From promising to defend Taiwan militarily to suggesting regime change in Russia, US President Joe Biden has developed a knack for off-the-cuff pronouncements that have rattled diplomacy.

For journalists following Biden abroad, it has almost become routine -- the frank-speaking US president making headlines with a loaded or brusque answer, and the White House then quickly insisting he was not setting new policy.

In the last moments of a news conference in Tokyo on Monday, Biden answered affirmatively that the United States would defend Taiwan militarily if it is attacked by China, which claims the self-governing democracy as its own.

It was not the first time Biden has made waves with a formulation on Taiwan. For more than four decades, under a policy set when he was a senator, the United States has provided the island weapons for its self-defense but stayed deliberately ambiguous on whether it would intervene.

Both a White House official and Defense Secretary Lloyd Austin swiftly said that US policy had not changed, as Beijing voiced fury and Taiwan saluted what it considered evidence of ironclad commitment.

The episode comes two months after Biden ad-libbed in a speech in Poland about Russian President Vladimir Putin, "For God's sake, this man cannot remain in power."

The White House promptly denied that Biden was advocating the removal of Putin, which would be a major escalation of the US campaign that Biden himself had said was limited to supporting Ukraine.

US President Joe Biden adjusts his mask as he launches an Asia-wide trade framework in Tokyo
US President Joe Biden adjusts his mask as he launches an Asia-wide trade framework in Tokyo AFP / SAUL LOEB

Before Putin invaded Ukraine in February, Biden, who had been warning of dire consequences if Russia went ahead with an attack, also raised eyebrows by suggesting a lighter Western reaction for a "minor incursion."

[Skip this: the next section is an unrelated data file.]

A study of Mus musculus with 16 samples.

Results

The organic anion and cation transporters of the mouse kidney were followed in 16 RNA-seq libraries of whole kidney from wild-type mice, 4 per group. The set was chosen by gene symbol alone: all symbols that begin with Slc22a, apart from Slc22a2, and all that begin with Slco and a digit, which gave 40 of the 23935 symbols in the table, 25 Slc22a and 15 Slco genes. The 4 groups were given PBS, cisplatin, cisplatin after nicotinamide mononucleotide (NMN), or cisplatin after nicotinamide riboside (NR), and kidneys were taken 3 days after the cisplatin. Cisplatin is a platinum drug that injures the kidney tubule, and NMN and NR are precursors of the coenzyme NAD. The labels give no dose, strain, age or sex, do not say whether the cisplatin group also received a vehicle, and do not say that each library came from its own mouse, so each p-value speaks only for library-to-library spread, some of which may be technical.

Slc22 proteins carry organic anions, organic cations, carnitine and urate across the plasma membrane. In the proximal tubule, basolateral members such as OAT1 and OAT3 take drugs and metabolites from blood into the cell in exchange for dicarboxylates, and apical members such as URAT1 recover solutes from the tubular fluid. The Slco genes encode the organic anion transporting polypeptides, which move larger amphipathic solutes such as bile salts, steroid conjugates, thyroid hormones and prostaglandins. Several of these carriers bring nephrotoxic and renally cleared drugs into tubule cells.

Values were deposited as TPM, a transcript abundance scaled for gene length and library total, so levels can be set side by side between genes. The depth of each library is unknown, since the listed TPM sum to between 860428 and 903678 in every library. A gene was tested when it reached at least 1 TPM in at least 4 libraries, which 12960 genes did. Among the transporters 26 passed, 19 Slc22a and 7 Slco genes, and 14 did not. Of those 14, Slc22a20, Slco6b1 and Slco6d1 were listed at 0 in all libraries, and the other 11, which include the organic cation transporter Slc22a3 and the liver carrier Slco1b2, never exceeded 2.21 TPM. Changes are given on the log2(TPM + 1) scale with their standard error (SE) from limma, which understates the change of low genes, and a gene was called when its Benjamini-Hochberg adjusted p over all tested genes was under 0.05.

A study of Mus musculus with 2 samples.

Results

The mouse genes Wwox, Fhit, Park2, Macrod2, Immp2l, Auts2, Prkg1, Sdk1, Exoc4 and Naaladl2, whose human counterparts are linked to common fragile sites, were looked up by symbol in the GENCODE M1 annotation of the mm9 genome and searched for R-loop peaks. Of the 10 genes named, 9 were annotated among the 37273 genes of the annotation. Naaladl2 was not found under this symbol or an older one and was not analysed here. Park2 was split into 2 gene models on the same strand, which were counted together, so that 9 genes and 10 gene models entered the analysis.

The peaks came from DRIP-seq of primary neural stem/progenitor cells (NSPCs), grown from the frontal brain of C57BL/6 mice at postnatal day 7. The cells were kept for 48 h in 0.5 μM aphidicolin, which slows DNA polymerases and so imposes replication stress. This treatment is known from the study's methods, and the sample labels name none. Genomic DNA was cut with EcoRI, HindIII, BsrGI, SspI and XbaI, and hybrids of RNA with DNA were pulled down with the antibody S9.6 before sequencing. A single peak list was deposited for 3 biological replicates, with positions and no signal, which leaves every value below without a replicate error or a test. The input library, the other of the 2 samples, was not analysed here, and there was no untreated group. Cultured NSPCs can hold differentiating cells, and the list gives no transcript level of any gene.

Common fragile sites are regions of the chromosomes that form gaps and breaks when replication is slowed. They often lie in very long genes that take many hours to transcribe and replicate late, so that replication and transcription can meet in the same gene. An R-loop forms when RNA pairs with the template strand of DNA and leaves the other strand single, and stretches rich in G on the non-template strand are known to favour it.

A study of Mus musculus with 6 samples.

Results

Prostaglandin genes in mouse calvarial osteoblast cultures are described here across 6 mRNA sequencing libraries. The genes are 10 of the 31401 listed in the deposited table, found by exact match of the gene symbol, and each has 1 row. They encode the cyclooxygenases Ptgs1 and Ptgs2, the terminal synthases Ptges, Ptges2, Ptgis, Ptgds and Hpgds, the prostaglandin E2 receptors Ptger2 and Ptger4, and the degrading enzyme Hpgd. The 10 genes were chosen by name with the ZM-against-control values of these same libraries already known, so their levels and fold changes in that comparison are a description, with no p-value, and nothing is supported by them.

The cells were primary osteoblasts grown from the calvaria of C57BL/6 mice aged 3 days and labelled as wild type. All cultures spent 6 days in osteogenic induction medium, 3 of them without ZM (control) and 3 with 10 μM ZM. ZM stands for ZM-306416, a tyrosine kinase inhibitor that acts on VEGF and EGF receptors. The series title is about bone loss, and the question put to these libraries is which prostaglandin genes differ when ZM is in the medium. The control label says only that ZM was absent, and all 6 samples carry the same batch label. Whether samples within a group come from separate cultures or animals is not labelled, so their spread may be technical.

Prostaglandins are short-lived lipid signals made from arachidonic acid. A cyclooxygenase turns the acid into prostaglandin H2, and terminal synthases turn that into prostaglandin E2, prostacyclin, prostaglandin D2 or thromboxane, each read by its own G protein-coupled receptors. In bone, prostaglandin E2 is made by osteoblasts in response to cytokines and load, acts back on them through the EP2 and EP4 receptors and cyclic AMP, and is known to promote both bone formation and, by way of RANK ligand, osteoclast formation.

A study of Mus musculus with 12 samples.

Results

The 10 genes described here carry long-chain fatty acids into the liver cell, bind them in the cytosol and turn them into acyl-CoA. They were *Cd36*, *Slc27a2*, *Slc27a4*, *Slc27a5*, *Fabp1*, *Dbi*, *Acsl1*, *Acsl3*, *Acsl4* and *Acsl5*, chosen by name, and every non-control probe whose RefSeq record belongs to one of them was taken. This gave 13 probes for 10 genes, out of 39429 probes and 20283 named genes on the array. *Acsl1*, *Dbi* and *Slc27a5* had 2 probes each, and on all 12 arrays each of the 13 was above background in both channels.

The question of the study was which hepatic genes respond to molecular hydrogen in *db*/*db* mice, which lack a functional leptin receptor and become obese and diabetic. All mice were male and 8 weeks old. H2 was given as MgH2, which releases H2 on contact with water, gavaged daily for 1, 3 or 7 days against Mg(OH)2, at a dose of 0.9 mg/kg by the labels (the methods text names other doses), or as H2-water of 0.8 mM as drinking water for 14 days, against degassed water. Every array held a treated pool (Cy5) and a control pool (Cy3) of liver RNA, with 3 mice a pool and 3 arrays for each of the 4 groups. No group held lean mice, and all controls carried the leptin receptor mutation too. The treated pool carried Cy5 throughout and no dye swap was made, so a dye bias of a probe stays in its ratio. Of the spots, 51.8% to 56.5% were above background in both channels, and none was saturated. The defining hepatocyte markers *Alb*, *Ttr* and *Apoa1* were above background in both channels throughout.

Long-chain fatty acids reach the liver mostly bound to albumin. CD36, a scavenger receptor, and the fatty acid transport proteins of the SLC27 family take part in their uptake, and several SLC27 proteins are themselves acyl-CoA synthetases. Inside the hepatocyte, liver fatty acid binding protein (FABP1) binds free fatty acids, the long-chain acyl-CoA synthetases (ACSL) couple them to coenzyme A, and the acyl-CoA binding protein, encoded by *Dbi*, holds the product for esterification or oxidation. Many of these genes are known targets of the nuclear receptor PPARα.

But Biden, who throughout his life in politics has been known for wearing his emotions on his sleeve and has limited the opportunities at home for verbal blunders, sometimes digs in.

Biden has stood firm on accusing Russia of "genocide" in Ukraine and, well before the rest of his administration, accused Moscow of "war crimes."

Each time, Biden's remarks prompt questions. Is the 79-year-old simply speaking from his heart? Or is he setting a new policy -- or perhaps testing one out?

"It's very hard to say whether these are gaffes or a two-level game. But if it is a two-level game, it is incredibly dangerous," said Joshua Shifrinson, an associate professor of international relations at Boston University.

US President Joe Biden speaks about the Indo-Pacific Economic Framework for Prosperity in Tokyo
US President Joe Biden speaks about the Indo-Pacific Economic Framework for Prosperity in Tokyo AFP / SAUL LOEB

"It can exacerbate tensions; it generates uncertainty," he added.

Biden took office with more experience in foreign affairs than any president in decades and had promised more predictability than his voluble and volatile predecessor Donald Trump.

Trump frequently stunned the world with his undiplomatic pronouncements, from insulting leaders of allied nations to threatening war over Twitter.

"With Trump there was no predictability but Biden was expected to be the very consistent kind of guy," Shifrinson said.

"Bluntness can be a very good thing but in a situation like Taiwan it can be quite dangerous."

Bonnie Glaser, an expert on Taiwan at the German Marshall Fund of the United States, said that Biden no doubt believed what he was saying.

"But it is a gaffe in the sense that he is misstating US policy," she said.

"I don't think it serves US interests to have the president misstating what our policy is," she added.

"I think that it is more effective if our policy is clear and understandable to our friends, our allies and our enemies."

Some hawks that usually feud with Biden gave him credit for his remarks.

Republican Senator Lindsey Graham tweeted that Biden's statement was "the right thing to say and the right thing to do."

But others saw risks in seemingly loose talk after months of US-backed efforts to rally support for Ukraine.

"The West's robust response to Russian aggression in Ukraine could serve to deter China from invading Taiwan," tweeted Stephen Wertheim, a senior fellow at the Carnegie Endowment for International Peace.

"But Biden's statement risks undoing the potential benefit and instead helping to bring about a Taiwan conflict."